North of Syntagma Square, in the centre of Athens, there is an austere neoclassical building that today houses the Greek Parliament. This three-storey building has two entrances, one on the west side used for the entrance of the deputies to the building, and another on the front side, opposite the Tomb of the Unknown Soldier. Right next to the Parliament, there are the National Garden and the Zappeion Hall.
The construction of the building lasted from 1836 to 1842 and was designed by the German architect Friedrich von Gartner. Originally, it served as a royal palace for the Greek kings. It was inhabited by King Otto and his Queen Amalia and later by King George I and his family. However, in 1909, a fire caused extensive damage to the building and restoration work began. When the monarchy was abolished by Greece in 1924 after a referendum, the building was used as a museum and hospital.
In November 1929, the government decided to move the Parliament to this building. Until then, the Parliament was housed in what is now the Old Parliament on Stadiou Street, where the Historical Museum is now located. Although in the same year, the monarchy was restored in Greece, the Parliament has been housed there ever since and the royal family moved to the current Presidential Palace.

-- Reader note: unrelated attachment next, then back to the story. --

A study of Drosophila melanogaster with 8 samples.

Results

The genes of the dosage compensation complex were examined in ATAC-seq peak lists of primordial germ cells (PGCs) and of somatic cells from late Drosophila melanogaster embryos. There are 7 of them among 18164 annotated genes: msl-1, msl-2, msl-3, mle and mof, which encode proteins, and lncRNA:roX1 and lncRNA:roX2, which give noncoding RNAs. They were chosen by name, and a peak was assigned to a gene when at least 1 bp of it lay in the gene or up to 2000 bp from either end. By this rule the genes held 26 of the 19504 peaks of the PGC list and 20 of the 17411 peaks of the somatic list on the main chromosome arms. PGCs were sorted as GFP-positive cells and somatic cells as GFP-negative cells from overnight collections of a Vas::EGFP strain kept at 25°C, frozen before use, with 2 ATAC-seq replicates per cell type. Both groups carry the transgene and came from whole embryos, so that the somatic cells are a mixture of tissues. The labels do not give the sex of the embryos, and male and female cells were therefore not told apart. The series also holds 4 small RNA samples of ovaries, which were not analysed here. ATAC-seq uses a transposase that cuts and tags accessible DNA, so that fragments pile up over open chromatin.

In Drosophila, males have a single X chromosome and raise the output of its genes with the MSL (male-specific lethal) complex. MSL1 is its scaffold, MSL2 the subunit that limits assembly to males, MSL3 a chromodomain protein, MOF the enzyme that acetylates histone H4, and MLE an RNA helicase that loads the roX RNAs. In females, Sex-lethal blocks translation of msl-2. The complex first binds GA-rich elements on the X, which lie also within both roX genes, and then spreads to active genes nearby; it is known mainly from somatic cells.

The main chamber of the Parliament is housed on the ground floor, in the former ballroom. It has an amphitheatrical layout and a stained glass room provides natural light during the day. The seats of the Members of Parliament are arranged in five circular sections. A balcony above the hall is used as a guest room. An almost identical, smaller room was constructed on the second floor for the use of the Senate, but since the Senate was abolished, this room is now used for party meetings.
In front of the Parliament is a monument guarded by a Greek army infantry unit, the Euzones. This is the Tomb of the Unknown Soldier, which commemorates all unknown soldiers who lost their lives or bled for their country. The monument was inaugurated on 25 March 1932, the National Anniversary on which the Greeks celebrate the declaration of their War of Independence against the Turks. The Euzonians wear traditional Greek uniforms and their most distinctive part is the fustanella.
The changing of the guard takes place every hour. During their service, the Euzones are not allowed to speak or move.